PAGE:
Two weeks into daycare, and the sobbing and clinging have yet to diminish. I am, of course, talking about me. Last Wednesday I suffered from such acute separation anxiety that I felt a physical longing for Skye. I kid you not. I mean, a gut-wrenching, shortness-of-breath kind of longing I haven’t felt since my ten-year-old heart longed to be united with soulmate Ricky Schroder. (Yes, he will always be RICKY to me.) I picked Skye up even earlier that day — she’s only there three or four hours, as it is — and studied her to make sure she hadn’t, you know, grown an extra inch or acquired a proficiency in German while we were apart. Still just two teeth? Check. Reverse mullet? Check. Extra-chunky baby thighs? BIG check.
Phew. Still my baby. As for me…? I sure as hell have changed. Clearly. Which has provided my mom with nonstop amusement.
“You’ve become such a… a… MOMMY!” Mom snickered as I wept that I wasn’t sure if I could continue with daycare. “I thought you were a career lady! I probably shouldn’t say this, but your father and I find all of this hilarious.”
And that’s what matters, really, in the midst of my trauma: keeping my parents entertained.
So I have my good days and my bad days. On my good days, I feel recharged and have the energy to devote more quality time with Skye. On my bad days, I caress her empty swing like a stalker-y babysitter in a bad horror flick and count down the minutes till I can pick her up. Working from home makes it even harder, I believe, because I don’t have crazy co-workers and office birthday parties to distract me.
I cannot lie: I miss the free cake. But not the crazy co-workers.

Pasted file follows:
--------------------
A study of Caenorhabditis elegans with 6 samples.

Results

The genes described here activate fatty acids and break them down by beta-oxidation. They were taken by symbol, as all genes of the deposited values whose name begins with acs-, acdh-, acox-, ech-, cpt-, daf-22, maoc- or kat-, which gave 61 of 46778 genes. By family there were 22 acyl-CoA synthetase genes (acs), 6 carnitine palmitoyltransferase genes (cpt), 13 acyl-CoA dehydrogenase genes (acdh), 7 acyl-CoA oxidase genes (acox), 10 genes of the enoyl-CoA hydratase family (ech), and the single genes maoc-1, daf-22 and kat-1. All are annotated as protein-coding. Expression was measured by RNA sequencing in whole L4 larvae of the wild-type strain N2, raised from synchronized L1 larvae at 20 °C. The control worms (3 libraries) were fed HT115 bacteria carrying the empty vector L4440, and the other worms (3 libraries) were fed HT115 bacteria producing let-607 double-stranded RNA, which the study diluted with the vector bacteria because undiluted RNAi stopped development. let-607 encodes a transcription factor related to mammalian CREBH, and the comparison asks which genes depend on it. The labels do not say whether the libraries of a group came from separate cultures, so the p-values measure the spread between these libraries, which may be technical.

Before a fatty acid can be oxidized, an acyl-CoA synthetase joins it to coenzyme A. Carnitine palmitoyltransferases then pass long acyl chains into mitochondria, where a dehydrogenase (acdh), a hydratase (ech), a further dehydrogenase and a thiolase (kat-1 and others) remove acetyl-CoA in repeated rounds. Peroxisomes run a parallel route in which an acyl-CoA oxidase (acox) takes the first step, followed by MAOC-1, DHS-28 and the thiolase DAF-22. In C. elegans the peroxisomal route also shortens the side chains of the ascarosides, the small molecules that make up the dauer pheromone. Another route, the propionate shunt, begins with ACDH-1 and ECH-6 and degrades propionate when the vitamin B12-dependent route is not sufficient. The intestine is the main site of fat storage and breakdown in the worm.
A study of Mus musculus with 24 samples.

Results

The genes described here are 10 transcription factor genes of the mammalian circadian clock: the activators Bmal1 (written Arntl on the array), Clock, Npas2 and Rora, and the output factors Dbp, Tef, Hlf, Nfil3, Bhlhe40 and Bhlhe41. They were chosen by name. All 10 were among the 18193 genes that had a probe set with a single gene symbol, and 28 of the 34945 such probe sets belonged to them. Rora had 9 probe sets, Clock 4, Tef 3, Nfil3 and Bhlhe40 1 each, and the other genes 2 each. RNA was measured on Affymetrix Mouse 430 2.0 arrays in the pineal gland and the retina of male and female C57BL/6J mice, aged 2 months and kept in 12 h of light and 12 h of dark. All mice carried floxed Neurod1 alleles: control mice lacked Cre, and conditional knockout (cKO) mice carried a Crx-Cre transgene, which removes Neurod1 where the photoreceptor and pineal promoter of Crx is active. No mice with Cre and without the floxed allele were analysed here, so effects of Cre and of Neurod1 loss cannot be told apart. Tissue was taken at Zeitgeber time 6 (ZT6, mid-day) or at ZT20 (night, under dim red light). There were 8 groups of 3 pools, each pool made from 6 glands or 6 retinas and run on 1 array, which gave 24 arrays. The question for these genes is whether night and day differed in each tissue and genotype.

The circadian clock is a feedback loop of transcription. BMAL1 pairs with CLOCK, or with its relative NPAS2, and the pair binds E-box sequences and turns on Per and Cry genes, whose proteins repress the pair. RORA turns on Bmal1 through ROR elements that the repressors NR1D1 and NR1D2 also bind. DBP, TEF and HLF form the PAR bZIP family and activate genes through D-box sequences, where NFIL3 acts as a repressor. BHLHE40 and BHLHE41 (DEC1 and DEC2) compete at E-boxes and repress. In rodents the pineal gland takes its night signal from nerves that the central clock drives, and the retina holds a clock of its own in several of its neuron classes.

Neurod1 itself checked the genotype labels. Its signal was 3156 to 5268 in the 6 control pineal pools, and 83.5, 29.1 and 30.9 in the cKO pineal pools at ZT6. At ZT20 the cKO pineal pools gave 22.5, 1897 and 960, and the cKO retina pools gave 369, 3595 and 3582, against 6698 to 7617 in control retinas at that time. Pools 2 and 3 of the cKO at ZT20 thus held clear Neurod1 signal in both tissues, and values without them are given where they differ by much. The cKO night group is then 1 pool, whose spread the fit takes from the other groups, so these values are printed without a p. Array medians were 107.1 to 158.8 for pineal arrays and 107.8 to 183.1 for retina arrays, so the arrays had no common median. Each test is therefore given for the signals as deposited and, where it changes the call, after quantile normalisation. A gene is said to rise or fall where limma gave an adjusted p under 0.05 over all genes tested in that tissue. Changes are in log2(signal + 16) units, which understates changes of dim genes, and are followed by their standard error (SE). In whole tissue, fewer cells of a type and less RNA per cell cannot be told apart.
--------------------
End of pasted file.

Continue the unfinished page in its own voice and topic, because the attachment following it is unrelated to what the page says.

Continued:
Miss Skye, on the other hand, is adjusting nicely for the most part. With Mr. Candy traveling so much and little family living nearby, Skye has been forced to spend 99.9 percent of her time with yours truly. Poor thing. So the exposure to different people is probably good for her. (As long as she remains a shameless mommy’s girl, of course.) I am told she is a “happy baby” at daycare, and enjoys sitting at the baby table and interacting with her new baby friends. I like to imagine they have a lively debate about Huggies versus Pampers, while clucking over Suri’s latest pair of high heels in Us Weekly.
She still refuses to take the bottle, however, instead chewing on the nipple like she’s never seen one before. We’ve tried using different brands of bottles. Feeding her in the car seat. The swing. Waiting until she’s really hungry. NOTHING works. It’s her way of protesting the new environment and, most satisfyingly to her, making me look like a fool. Because I can tell the daycare folks think we have never given this child a bottle before. But we have…! With no problems! To which the daycare crew smiles knowingly and says, “Mmmm-hmmm.”
Ah, well, anybody who’s seen those extra-chunky baby thighs knows she’s not going to starve any time soon.
Skye is also, and I don’t think she’ll appreciate me telling you this, rather constipated. Again, probably from the stress of the change. So we’ve been plying her with prunes. Which has caused her to emit gas that has brought us to our knees. Every time she does this, I’ll ask “Did you toot?!” (after I regain consciousness), making her laugh for some reason. So I’m probably giving her positive reinforcement for her lethal toots.
Notice how my reflections somehow devolved into a conversation about baby toots? My mom’s right: I AM such a mommy.
Well, this mommy has vowed to give daycare a chance. Yes! I am optimistic! I like the center, I like the idea of having more balance in my life and I like the social interaction that Skye gets. Also…? We had to commit to six months.
P.S. See Marcy lurking in the background in the picture? More on that later.